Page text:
A league table rating performance on patient flow between the boundaries of health and social care has been published, as the Care Quality Commission announces it will continue local area reviews ahead of possible inspections of council commissioning.

The ‘NHS social care dashboard’ provides rankings on six indicators of performance, including emergency admissions levels for over 65s (April 2017- March 2018), the percentage who receive rehabilitation (2016-17) and delayed days in hospital (April 2017-March 2018), which is given the highest weight in calculations.

The dashboard, put together by the Department of Health and Social Care, was updated last week but some councils have claimed the data does not reflect current performance, particularly on delayed days since March.

According to the dashboard, the top five performing areas, which is based on the geography of 150 health and wellbeing boards, are Redbridge, Wandsworth, Rutland, Wigan and Bradford. The lowest performing areas are Halton, Northamptonshire, Trafford, Stoke-on-Trent and Cumbria.

However, Trafford, Stoke-on-Trent and Cumbria are all ranked in the top 10 for levels of delayed days per head of adult population.

Stoke-on-Trent City Council leader Ann James, who is also cabinet member for health and social care, said the data does not relate to the current situation in the area.

She added: “However, we recognise that the system is still very challenged and there is a lot of work to be done jointly by a range of partners who make up the urgent care system in Stoke-on-Trent.

“The considerable financial pressures that all the partners face remains a significant challenge.”

Hounslow has the highest rate of emergency admissions but is ranked at 25 for overall performance. Manchester has the third highest rate of emergency admissions and is ranked 144.

There is significant variation in the percentage of people over 65 who are discharged from hospital in each area and receive rehabilitation or reablement services.

In four areas – Stoke-on-Trent, West Sussex, North Somerset, York and Central Bedfordshire – less than 1 per cent of discharged patients receive these services. Of these, Central Bedfordshire is ranked the highest at 49 for overall performance.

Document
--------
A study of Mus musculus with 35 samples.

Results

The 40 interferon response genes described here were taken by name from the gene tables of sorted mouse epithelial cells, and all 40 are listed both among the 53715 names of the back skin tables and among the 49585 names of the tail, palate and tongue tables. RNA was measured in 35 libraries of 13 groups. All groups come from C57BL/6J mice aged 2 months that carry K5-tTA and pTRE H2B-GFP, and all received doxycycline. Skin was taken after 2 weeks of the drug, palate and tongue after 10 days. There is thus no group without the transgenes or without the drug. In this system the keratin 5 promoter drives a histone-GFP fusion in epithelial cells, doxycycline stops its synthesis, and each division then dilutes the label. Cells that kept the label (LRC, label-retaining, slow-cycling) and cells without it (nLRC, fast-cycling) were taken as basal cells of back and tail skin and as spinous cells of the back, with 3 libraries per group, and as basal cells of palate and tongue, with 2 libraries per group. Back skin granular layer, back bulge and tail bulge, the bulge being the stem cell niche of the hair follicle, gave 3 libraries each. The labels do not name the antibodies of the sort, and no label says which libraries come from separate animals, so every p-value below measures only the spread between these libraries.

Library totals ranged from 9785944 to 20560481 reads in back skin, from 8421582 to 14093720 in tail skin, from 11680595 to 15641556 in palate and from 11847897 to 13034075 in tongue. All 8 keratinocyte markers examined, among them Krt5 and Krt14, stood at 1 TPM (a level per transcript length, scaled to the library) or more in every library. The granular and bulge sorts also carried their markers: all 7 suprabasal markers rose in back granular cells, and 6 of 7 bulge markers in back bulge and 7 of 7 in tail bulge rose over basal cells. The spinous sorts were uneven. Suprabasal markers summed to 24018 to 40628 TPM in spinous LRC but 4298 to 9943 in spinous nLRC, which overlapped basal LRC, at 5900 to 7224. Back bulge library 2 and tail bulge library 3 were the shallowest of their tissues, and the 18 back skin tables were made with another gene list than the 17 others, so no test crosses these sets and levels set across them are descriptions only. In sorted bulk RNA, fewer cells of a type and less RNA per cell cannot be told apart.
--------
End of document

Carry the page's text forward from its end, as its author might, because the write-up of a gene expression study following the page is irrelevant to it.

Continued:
In five areas 7% or more patients are given these services. Hackney (8 per cent) and Lambeth (9.4 per cent) have the highest rate of patients receiving this support.

In a total of 19 areas, three quarters of patients or less remain at home 91 days after being discharged into reablement services.

In 30 areas, the proportion is 90 per cent or more. The highest rate is In Rutland (97 per cent), followed by Warwickshire (95 per cent).

It was announced last week that the Care Quality Commission will continue its programme of targeted area reviews of the interface of health and social care following a request from the government.

Reports on the performance in three new areas - Staffordshire, Leeds and Reading – will be published by the end of the year. There will also be three follow-up visits to Stoke-on-Trent, York and Oxfordshire where weaknesses were identified.

In a letter to CQC chief executive Ian Trenholm, social care minister Caroline Dinenage said the reviews “should recognise the nationally commissioned improvement support provided to Staffordshire and Leeds”.

A CQC report following the first wave of reviews published in July said that, while some systems were working well, there is too much poor practice caused by a lack of “co-ordination and co-operation” between health and social care services, leading to “fragmented” care services.

In March former health and social care secretary Jeremy Hunt said the forthcoming social care green paper would propose an extension of the local area reviews and mooted the idea of councils being given “Ofsted-style” ratings for commissioning.

Former CQC chief executive David Behan also called for the regulator to be given more powers to inspect and rate local health systems before his departure in July.

The government is yet to formally respond to this recommendation.